SALT LAKE CITY (AP) -- The Mormon church has come out against a Utah bill that would allow the medical use of edible pot products, a position that could be a serious blow to one of two medical marijuana proposals before state lawmakers.

The Church of Jesus Christ of Latter-day Saints said leaders are worried about the unintended consequences of the measure proposed by Republican Sen. Mark Madsen of Eagle Mountain. A majority of Utah lawmakers are members of the Salt Lake City-based faith, and the church's position on an issue can be decisive.

The church doesn't object to another, more restrictive medical marijuana bill that would allow access to a marijuana-infused oil, church spokesman Eric Hawkins said in a statement.

Madsen told The Salt Lake Tribune that church lobbyists told him and legislative leaders about their opposition, but declined to explain their reasoning.

"Maybe they don't want to be known as the special interest who put their thumb on the scale and decided this for everyone in the state," Madsen told the newspaper. "If they're going to put their thumb on the scale politically and force everyone to a standard, then I think they owe something of an explanation to the people."

Both medical marijuana bills have gotten committee approval and are expected to be debated before the full Utah Senate within the next week.

Madsen's proposal would allow tens of thousands of residents with chronic or debilitating conditions access to edible products, but ban smoking pot. Madsen argues Utah should join more than 20 other states that have passed medical marijuana programs. But some Republicans have already said they worry the plan is too broad. The measure died by one vote as last year.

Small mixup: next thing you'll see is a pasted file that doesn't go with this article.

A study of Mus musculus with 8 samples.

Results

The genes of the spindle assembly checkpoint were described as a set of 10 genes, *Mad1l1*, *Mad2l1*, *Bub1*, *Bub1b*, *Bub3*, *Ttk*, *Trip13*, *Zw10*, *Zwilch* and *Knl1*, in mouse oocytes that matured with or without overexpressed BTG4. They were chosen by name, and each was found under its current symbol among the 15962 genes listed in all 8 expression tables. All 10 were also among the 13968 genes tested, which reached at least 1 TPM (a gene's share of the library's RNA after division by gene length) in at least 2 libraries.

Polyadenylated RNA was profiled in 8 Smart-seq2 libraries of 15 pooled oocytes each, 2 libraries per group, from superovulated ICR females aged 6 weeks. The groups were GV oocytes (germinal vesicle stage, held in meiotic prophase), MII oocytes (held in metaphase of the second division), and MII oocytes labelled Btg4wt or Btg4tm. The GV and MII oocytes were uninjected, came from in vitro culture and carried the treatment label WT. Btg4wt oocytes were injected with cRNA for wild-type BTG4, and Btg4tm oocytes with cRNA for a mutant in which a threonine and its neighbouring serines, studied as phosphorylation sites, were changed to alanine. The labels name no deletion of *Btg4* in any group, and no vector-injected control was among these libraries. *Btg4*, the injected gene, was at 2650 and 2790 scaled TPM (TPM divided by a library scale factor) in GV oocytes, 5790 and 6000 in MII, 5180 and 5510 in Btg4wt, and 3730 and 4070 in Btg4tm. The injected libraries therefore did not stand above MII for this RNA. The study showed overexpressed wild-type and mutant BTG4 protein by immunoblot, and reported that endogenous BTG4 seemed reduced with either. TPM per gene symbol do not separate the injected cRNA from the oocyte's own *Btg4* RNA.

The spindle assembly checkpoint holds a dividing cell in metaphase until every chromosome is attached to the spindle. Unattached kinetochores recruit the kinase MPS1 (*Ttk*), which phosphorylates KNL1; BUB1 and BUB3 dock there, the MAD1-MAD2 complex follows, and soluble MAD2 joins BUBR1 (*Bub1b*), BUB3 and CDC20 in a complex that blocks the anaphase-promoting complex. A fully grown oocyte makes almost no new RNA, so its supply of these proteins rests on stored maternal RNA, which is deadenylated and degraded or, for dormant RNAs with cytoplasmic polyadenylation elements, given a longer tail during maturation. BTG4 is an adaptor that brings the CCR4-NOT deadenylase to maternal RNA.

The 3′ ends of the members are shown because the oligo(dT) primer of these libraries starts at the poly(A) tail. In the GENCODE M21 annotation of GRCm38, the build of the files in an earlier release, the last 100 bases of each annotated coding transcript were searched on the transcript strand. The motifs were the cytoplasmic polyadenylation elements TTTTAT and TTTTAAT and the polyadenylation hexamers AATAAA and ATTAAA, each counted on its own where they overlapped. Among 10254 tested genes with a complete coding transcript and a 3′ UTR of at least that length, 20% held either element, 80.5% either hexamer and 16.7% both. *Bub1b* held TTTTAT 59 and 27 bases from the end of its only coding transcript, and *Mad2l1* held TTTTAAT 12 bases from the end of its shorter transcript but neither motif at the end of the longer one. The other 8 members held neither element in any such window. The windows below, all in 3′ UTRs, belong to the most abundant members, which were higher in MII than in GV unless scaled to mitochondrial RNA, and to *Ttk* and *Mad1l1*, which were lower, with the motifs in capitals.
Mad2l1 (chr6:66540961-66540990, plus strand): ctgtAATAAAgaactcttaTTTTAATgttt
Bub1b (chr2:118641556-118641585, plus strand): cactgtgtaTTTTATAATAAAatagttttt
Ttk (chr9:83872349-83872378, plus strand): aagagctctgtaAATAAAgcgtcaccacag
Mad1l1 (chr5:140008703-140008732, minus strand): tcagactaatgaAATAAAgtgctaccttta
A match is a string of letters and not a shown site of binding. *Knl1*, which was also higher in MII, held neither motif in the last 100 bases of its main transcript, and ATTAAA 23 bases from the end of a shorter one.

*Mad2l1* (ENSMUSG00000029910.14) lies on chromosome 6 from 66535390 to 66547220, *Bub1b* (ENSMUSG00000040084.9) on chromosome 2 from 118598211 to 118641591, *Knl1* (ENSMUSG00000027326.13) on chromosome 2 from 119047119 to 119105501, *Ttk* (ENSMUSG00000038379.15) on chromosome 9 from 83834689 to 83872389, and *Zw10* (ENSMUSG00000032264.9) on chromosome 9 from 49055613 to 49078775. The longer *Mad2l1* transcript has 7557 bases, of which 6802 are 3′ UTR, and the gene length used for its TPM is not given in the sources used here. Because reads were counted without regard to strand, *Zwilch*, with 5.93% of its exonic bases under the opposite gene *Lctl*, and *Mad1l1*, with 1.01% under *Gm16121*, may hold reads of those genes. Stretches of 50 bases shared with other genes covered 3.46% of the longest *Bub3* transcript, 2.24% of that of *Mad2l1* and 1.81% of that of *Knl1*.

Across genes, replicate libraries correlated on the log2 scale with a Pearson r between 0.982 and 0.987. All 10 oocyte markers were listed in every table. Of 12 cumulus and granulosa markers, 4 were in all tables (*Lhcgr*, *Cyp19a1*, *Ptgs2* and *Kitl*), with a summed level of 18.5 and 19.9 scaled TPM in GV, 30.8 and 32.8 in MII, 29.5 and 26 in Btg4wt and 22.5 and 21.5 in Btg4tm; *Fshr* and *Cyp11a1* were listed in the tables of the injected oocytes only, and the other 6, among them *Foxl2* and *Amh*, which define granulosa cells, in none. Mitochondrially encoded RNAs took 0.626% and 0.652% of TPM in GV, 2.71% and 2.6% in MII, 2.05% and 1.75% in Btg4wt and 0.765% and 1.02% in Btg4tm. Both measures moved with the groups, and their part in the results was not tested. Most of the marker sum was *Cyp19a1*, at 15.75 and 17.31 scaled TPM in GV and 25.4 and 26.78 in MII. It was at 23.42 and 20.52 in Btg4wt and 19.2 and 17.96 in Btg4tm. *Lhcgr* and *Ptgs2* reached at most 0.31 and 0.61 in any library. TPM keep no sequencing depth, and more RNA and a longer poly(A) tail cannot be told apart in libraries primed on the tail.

The other marijuana proposal would allow a few thousand people diagnosed with cancer, HIV and other conditions to use a marijuana-infused oil. The cannabidiol oil is made from a strain of the cannabis plant that's low in THC, the hallucinogenic chemical in marijuana, and high in CBD, a chemical that some believe helps fight seizures. A restricted law passed two years ago allowed those with severe epilepsy to have the extract oil if they get it in other states like Colorado.

The plan sponsored by Sen. Evan Vickers of Cedar City and Rep. Brad Daw of Orem, both Republicans, would set up strict controls on licensing and tracking of those approved to produce and dispense the oil. Doctors recommending the treatment would be registered with the state and undergo training, and their patients would be issued a medical cannabidiol card.

The Utah Medical Association supports that proposal, but some people suffering from chronic pain criticize it. They argue their health conditions don't qualify or that they need treatment from products that include higher levels of THC.